Usefulness of early serial measurement of specific and total immunoglobulin E in the diagnosis of gastro-allergic anisakiasis
Article first published online: 24 DEC 2001
Clinical & Experimental Allergy
Volume 29, Issue 9, pages 1260–1264, September 1999
How to Cite
Daschner, Alonso-Gómez, Caballero, Suarez-De-Parga and López-Serrano (1999), Usefulness of early serial measurement of specific and total immunoglobulin E in the diagnosis of gastro-allergic anisakiasis. Clinical & Experimental Allergy, 29: 1260–1264. doi: 10.1046/j.1365-2222.1999.00569.x
- Issue published online: 24 DEC 2001
- Article first published online: 24 DEC 2001
- Anisakis simplex;
- food allergy;
- gastric anisakiasis;
- polyclonal stimulation;
- specific IgE;
Sensitization to Anisakis simplex (A. simplex) has been documented to produce severe allergic reactions following ingestion of mainly raw or under-cooked parasitized fish. False positive skin prick tests (SPT) or specific IgE against this nematode and cross-reactivity restricts diagnosis. Gastric anisakiasis and gastro-allergic anisakiasis occur if fish is parasitized by live A. simplex
To investigate if serial serological analysis could be useful in the diagnosis of acute parasitation by this nematode.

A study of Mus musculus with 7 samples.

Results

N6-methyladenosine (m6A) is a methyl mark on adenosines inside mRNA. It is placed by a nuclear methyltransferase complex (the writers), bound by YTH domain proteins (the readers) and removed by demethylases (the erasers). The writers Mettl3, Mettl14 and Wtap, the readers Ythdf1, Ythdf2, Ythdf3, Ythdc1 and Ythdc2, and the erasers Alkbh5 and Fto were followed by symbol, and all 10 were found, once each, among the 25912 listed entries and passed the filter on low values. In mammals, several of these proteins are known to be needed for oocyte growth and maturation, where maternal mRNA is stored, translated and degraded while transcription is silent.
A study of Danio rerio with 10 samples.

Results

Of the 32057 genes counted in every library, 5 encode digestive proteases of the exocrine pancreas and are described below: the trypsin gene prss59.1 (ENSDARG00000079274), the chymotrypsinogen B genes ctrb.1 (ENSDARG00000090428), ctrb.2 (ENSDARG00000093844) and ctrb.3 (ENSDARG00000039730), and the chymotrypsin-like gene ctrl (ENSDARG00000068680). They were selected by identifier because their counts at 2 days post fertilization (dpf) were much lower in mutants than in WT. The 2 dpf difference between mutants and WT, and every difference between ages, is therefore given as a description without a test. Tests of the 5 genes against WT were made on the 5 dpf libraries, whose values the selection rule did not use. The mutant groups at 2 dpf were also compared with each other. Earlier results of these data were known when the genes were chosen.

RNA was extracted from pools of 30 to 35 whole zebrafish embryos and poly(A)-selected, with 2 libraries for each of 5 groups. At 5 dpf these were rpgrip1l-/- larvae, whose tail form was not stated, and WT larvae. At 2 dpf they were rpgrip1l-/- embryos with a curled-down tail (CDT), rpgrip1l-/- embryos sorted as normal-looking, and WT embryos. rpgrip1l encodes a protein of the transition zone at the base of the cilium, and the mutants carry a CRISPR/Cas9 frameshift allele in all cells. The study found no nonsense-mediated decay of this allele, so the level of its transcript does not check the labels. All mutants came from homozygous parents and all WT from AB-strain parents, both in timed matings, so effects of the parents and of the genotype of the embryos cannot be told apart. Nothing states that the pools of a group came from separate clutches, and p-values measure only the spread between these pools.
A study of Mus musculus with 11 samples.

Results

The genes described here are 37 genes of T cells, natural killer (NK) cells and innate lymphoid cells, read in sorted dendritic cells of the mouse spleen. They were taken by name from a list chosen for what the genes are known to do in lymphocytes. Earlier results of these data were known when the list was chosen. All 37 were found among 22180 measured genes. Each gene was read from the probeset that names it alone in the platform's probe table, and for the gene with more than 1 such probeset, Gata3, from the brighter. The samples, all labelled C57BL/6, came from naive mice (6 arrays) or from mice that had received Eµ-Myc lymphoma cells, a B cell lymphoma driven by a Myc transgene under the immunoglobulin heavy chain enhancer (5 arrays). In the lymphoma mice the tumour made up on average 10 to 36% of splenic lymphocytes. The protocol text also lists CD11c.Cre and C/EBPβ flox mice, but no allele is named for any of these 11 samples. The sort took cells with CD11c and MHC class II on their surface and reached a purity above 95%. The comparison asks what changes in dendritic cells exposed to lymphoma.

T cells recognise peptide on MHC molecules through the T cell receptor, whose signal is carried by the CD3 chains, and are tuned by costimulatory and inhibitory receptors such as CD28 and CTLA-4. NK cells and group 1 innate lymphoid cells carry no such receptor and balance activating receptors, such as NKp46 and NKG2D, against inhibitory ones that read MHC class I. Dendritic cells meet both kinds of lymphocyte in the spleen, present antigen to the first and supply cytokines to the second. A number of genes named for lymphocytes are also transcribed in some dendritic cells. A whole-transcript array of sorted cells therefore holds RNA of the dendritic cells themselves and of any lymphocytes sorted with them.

We included 41 patients who experienced an allergic reaction and/or abdominal symptoms after ingestion of raw or undercooked fish and displayed specific IgE against A. simplex. Total and specific IgE were determined two times: in the 24-h period after onset of clinical symptoms and after 1 month. SPTs were performed against A. simplex and implicated fish. A fibre optic gastroscopy was performed in 22 patients.
Median total IgE was 80.0 (Interquartile range [IQR] 41.5–186.5) kU/L in the first evaluation and 247.0 (IQR 96.5–649.5) kU/L after 1 month. Median specific IgE against A. simplex was 11.4 (IQR 7.1–33.5) kU/L in the first 24 h and 36.8 (IQR 19.5–79.5) kU/L after 1 month. A rise of total IgE was observed in 35 of 41 patients (P < 0.00001) and a rise in specific IgE against A. simplex in 37 of 41 patients (P < 0.00001). Mean percentage increment was 392% (215–571%; 95% confidence interval [CI]) for total IgE and 339% (177–502%; 95% CI) for specific IgE. In nine of 22 gastroscopic examinations at least one larva, identified as A. simplex, could be detected by our microbiology service. In this group (n = 9) a rise of total and specific IgE was detected in eight patients (89%) (P = 0.02).
We consider a rise of total and specific IgE in the first month after an allergic reaction as a useful tool in the diagnosis of gastro-allergic anisakiasis (together with patient's history), even if the parasite cannot be seen with fibre optic gastroscopy. The important rise of total and specific IgE against A. simplex can be considered as a reaction induced by the live parasitizing larva in the context of a polyclonal immunological stimulation.